Mexico and the Ismthus: more of the same?
New president, new party, same policy may be what Central America is going to see, following last week’s election of Enrique Peña Nieto, as chief executive of Mexico.
Peña Nieto is a fresh face, young and telegenic.
He won by a healthy margin – six percentage points more than his nearest rival – which suggests that his popularity is real.
But he may be tied to old money, according to reports, which claim that he and the giant Televisa network made a deal, to give him favorable coverage.
Nor is it precisely true that his Institutional Revolutionary Party (PRI, in Spanish) represents new ideas, after twelve years out of power.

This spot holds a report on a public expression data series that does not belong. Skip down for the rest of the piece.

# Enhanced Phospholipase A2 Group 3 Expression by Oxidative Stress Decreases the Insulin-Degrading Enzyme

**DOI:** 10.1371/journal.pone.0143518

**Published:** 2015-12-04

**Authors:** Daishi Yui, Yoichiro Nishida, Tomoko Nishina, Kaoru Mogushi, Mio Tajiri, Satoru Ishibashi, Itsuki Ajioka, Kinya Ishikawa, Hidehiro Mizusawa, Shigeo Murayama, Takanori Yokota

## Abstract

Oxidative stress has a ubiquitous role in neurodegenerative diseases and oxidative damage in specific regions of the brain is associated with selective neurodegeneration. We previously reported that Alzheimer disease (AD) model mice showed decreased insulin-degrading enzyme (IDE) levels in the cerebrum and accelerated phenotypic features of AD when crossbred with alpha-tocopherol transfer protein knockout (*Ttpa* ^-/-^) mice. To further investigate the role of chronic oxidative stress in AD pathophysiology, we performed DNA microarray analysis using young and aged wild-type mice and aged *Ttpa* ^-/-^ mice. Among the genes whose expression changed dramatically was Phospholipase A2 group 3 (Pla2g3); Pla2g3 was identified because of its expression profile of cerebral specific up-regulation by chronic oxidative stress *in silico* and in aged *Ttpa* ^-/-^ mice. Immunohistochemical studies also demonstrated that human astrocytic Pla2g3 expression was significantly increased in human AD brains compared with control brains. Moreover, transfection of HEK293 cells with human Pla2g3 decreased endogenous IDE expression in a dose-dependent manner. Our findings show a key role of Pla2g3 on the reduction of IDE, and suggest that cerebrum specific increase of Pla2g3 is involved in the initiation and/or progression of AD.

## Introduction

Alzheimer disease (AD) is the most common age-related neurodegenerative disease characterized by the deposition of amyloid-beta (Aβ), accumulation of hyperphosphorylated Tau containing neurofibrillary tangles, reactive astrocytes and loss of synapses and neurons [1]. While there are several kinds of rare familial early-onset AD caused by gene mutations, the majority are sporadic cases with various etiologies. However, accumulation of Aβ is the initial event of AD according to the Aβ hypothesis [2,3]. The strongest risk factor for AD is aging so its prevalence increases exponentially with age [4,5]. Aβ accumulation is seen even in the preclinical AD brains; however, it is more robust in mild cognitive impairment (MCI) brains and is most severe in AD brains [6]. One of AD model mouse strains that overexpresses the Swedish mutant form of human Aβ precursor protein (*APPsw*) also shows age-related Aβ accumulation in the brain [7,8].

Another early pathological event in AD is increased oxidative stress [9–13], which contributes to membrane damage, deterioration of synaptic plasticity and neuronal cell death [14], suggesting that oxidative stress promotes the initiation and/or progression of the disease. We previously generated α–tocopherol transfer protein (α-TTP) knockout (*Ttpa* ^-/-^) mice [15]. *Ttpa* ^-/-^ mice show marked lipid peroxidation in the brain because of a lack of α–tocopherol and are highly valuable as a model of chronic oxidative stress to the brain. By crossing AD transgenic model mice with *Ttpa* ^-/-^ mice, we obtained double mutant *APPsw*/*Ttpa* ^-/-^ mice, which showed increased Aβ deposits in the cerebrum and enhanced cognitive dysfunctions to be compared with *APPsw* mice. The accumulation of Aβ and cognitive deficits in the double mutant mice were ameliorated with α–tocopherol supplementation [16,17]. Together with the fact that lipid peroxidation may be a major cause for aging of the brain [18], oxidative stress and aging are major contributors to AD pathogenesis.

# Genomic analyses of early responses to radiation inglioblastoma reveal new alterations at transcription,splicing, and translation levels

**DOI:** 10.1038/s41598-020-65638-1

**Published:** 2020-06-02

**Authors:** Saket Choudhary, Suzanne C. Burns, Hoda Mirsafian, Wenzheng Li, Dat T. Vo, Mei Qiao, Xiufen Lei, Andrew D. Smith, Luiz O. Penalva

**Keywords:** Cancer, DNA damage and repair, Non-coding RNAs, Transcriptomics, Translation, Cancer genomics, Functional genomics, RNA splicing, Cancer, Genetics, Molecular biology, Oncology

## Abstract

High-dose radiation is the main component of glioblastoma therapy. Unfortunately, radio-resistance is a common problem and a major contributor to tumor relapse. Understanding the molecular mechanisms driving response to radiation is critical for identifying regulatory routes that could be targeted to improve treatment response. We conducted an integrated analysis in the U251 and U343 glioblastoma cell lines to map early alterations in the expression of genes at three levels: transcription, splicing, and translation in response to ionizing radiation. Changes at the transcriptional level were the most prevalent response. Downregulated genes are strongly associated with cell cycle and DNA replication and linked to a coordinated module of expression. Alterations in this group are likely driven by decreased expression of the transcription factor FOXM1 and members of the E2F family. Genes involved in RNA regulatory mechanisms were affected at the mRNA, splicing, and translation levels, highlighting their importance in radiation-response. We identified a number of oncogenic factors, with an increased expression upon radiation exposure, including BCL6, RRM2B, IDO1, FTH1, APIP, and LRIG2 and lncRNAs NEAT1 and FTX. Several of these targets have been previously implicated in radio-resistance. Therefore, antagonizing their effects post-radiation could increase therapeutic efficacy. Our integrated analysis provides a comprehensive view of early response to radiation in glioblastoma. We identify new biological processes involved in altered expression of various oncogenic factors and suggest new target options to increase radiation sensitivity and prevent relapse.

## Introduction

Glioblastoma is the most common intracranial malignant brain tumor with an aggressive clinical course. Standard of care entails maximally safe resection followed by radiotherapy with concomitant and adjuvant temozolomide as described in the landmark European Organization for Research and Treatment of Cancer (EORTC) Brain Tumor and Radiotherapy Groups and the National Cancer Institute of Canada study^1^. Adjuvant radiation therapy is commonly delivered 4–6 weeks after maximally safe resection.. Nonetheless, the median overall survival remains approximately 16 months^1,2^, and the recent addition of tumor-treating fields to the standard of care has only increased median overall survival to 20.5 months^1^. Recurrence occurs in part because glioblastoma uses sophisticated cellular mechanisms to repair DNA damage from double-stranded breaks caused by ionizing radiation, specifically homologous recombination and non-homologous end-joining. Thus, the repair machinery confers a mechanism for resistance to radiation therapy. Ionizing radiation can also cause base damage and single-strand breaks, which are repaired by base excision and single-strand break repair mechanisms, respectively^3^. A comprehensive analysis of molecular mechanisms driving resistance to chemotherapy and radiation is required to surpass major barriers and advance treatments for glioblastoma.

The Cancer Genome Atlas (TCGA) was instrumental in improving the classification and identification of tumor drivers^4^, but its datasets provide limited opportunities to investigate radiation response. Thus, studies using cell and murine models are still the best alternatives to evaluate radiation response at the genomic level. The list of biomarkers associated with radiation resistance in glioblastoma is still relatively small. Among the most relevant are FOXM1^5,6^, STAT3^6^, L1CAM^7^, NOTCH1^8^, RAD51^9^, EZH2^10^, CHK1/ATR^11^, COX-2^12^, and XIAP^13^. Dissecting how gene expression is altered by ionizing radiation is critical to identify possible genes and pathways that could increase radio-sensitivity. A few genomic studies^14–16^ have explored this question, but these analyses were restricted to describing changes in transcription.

Many technocrats, who guided the economic policies of the last two administrations – both National Action Party – were PRIistas.
In addition, he faces the same problem as his two predecessors, when it comes to moving forward with his agenda, since the PRI controls neither house of Congress.
Nieto’s approach to the drug war could make a difference to Central America, where thousands die each year, in drug-related violence.
This situation may change, if Nieto focuses – as he has suggested he might – on coming to terms with the traffickers, as opposed to continuing with the war.
But it will be hard to find a new way to deal with an old problem, in part because Washington is likely to pressure on Mexico not to abandon the fight.
Even within Mexico, a softer policy on drugs could create new concerns, if local consumption were to increase.